In the moments after a car crash, as your sense of panic diminishes and your ability to comprehend the situation improves, you will likely start to evaluate yourself and the other people in your vehicle for the signs of an injury.
Broken bones and severe traumatic injuries like amputations or deep wounds are obvious immediately, but there are other, potentially severe, medical conditions that might not seem as obvious at the time of the crash.
As such, those who experienced a severe crash, especially one powerful enough to demolish a vehicle, may want to err on the side of caution and seek a medical evaluation in order to rule out the potential for severe but invisible crash-related injuries causing long-term damage.
Not all bleeding is instantly visible
If you suffer blunt force trauma to the abdomen, the result could well be dangerous internal bleeding. The same is true if you take a blow to the chest, as you could have experienced pooling of blood in your lungs, rather than in the abdominal cavity.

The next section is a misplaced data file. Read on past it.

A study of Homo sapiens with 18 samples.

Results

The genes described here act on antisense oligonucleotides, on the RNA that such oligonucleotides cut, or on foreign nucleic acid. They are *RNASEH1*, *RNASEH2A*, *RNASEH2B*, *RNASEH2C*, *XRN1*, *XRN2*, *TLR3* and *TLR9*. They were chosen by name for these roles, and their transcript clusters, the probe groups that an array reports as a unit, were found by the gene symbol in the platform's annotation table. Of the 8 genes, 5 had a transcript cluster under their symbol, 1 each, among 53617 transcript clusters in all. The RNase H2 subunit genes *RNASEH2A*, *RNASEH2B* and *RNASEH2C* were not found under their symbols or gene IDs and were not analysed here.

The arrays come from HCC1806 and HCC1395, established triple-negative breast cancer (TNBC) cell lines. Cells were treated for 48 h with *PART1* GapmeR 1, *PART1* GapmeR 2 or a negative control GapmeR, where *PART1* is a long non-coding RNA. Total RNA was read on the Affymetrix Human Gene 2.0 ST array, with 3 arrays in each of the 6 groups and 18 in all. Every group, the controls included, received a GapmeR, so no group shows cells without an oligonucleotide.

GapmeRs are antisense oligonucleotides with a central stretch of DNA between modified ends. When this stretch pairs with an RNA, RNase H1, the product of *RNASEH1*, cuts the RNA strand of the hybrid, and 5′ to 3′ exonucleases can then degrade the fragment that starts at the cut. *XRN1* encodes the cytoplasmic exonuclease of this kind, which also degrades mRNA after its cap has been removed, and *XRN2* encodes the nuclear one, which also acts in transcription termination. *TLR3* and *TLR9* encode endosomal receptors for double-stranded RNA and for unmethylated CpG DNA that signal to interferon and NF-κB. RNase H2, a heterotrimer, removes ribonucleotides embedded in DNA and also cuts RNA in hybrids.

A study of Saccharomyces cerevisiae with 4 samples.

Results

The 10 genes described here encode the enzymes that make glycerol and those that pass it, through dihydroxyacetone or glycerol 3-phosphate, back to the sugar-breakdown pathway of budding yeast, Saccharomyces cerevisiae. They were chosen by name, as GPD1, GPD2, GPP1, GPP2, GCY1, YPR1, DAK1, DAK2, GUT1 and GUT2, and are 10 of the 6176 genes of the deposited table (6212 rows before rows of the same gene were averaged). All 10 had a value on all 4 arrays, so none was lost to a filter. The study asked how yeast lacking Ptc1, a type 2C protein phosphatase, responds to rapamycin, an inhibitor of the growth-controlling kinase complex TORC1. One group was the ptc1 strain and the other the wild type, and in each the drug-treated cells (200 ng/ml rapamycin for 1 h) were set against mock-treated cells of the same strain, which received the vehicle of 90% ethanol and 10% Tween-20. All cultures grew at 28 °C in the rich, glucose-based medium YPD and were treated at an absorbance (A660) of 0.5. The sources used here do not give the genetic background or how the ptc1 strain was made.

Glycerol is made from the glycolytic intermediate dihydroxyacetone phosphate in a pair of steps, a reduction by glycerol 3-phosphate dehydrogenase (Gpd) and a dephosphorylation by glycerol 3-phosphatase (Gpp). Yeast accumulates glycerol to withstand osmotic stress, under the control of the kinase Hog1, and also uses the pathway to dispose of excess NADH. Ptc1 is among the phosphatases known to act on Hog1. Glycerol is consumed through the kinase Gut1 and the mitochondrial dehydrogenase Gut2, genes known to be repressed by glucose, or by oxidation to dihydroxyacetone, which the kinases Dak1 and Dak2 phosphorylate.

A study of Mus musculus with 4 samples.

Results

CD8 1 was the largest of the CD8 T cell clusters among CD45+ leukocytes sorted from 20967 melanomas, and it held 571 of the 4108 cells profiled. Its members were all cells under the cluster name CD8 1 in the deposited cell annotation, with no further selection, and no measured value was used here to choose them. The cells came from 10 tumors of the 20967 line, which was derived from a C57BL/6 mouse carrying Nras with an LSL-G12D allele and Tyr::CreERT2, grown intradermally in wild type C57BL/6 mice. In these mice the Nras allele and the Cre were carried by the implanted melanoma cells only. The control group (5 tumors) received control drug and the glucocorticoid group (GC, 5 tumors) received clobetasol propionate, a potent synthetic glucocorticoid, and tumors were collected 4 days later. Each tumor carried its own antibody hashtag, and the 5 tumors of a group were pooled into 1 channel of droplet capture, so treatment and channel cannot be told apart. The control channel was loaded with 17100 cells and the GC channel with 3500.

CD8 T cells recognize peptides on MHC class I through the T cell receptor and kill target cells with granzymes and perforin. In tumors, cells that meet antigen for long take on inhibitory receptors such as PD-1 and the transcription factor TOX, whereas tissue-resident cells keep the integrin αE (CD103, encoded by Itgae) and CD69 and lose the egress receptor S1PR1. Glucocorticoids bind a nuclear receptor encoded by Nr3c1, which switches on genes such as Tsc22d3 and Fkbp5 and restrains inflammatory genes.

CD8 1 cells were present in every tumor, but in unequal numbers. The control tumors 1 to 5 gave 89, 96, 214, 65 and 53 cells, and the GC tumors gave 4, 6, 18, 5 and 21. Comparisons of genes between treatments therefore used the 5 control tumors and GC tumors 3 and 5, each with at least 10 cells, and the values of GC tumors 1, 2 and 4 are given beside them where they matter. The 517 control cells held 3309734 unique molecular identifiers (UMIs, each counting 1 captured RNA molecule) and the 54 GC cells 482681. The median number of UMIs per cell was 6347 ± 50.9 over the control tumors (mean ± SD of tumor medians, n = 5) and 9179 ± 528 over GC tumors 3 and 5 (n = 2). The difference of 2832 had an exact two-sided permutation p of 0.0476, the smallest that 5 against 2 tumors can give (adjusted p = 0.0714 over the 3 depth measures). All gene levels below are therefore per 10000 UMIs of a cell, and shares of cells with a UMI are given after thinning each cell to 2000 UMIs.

It isn’t always obvious that you have internal bleeding in the moments after a crash. Only hours or even days later when you begin to exhibit symptoms will the severity of your injuries become apparent. The sooner you get evaluated for internal bleeding, the sooner medical professionals can diagnose it and reduce its impact on your health.
Brain injuries are also often slow to show symptoms
Traumatic brain injuries are among the worst possible injuries a person can suffer, and yet they aren’t always obvious immediately after someone gets hurt.
It can take some time for the bruising or bleeding on the brain to produce obvious symptoms, and those symptoms will vary drastically depending on someone’s neurology and the location of the injury. Again, a faster diagnosis will result in a better prognosis for a patient with a head injury.
As if reducing your risk of a potentially fatal injury wasn’t a compelling enough reason to see a physician, the sooner a doctor diagnoses you after a crash, the easier it will be to prove that the injuries have a relationship with a collision you experienced.